US, WASHINGTON (ORDO NEWS) — The hard shell of many insects shows a bright color due to the ordered microstructures on the surface. Light interacts in a complex way with it, usually giving the insect a metallic, iridescent sheen.
Such structural coloring can perform many useful functions: hide the animal from predators or, conversely, serve as a warning, attract potential partners, and so on.
The initial role of structural coloring, its origin and evolution has remained a mystery to this day. Recently, however, a large team of scientists from Ireland and Singapore managed to consider such microstructures on the remains of a pair of weevil beetles dated to the end of the Pleistocene period – about 13 thousand years ago.
The results of this work are presented in an article published in the journal Biology Letters.
Scientists obtained images of the samples using an electron microscope, and also performed X-ray diffraction analysis using synchrotron radiation. It was found that on the surface of the hard wings of these weevils “diamond-like” structures were already formed, which are known in some modern insects, giving them a bright blue-green iridescent color.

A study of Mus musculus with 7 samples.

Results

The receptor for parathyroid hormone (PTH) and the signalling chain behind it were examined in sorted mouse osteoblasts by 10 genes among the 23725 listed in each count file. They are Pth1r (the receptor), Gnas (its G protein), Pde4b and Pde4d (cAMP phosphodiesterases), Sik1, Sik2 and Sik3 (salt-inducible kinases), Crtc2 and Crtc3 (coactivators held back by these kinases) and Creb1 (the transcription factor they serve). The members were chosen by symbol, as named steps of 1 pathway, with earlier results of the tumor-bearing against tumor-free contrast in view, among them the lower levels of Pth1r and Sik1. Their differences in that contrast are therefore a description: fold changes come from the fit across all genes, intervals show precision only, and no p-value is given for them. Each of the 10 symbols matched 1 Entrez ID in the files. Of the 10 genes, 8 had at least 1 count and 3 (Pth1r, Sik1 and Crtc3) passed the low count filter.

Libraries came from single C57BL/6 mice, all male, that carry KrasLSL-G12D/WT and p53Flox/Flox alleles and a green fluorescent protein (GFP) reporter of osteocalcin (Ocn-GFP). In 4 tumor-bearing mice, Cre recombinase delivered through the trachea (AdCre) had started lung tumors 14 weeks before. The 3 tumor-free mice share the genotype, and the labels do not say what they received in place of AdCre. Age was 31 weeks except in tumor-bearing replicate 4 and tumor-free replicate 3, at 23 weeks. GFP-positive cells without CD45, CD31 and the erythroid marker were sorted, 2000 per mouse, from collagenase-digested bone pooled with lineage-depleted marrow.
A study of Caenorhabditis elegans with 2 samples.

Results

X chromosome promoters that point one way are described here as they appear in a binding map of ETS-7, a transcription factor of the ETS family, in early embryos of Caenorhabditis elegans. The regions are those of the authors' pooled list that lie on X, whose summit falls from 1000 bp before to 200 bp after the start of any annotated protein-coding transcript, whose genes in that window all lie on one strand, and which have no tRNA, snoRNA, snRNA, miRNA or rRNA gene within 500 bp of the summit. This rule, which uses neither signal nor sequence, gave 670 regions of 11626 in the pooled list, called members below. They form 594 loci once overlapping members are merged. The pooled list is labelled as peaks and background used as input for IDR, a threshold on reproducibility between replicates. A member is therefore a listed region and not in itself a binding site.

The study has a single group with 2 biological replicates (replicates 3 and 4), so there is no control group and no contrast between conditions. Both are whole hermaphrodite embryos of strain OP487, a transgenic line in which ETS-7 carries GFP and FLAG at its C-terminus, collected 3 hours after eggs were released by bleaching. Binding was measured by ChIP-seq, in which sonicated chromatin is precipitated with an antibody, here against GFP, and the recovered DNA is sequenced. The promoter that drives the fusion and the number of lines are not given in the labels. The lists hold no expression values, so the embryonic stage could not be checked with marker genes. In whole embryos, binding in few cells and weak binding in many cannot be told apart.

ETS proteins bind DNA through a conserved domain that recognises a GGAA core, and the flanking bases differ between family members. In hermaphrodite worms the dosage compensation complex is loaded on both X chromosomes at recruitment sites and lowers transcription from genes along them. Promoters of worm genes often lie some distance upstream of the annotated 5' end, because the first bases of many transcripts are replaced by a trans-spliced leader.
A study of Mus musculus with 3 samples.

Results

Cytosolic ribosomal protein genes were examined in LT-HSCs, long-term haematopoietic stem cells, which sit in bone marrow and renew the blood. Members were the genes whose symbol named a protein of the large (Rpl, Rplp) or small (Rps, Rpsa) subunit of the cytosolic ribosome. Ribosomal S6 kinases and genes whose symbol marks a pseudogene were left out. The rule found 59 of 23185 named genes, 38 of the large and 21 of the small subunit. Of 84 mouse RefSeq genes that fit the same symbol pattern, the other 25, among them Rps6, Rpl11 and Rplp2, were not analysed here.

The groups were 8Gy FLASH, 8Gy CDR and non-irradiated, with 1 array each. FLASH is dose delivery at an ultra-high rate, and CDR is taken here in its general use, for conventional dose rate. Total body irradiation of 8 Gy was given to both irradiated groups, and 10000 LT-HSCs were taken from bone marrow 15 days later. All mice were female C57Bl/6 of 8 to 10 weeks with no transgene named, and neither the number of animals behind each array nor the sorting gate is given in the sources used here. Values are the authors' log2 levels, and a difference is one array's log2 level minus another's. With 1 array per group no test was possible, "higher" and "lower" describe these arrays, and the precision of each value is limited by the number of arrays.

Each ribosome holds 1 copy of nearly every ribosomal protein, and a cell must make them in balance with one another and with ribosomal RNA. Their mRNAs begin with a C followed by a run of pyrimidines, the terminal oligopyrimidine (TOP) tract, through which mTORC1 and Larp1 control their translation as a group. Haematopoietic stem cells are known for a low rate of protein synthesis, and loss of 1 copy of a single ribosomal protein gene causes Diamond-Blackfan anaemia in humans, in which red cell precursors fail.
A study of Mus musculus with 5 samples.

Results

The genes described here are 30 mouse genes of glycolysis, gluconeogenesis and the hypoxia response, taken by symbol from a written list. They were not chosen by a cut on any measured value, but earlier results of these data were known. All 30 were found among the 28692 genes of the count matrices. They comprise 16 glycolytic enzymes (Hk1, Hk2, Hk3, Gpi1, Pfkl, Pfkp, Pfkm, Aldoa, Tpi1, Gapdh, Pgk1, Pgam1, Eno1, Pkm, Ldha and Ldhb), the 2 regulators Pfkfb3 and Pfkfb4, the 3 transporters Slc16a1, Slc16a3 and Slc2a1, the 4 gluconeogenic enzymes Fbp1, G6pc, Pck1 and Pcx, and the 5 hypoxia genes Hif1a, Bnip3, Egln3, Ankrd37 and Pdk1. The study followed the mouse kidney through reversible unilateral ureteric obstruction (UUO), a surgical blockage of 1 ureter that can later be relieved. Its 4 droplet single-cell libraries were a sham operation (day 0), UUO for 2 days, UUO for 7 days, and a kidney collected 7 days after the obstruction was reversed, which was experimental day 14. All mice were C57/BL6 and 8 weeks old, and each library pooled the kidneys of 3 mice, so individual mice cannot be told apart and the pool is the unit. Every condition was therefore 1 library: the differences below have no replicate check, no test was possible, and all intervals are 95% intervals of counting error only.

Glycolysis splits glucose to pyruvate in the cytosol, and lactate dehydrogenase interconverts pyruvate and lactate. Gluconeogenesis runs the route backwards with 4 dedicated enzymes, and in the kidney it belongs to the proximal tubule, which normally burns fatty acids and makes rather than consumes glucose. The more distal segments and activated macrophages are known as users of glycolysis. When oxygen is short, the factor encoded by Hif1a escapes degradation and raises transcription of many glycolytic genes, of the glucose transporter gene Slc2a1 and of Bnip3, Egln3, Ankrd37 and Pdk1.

Judging by the fact that these structures have remained unchanged for tens of thousands of years – hundreds of thousands of generations of weevils – they must fulfill the same important function.
According to the authors of the study, its main task was and remains a camouflage against the background of dense green foliage – all the more so since their previous work also indicates this.
“It was only later that colors became more diverse and found new features,” said Professor Vinod Saranathan, who led the work, “as a signal to potential partners or a warning to predators.”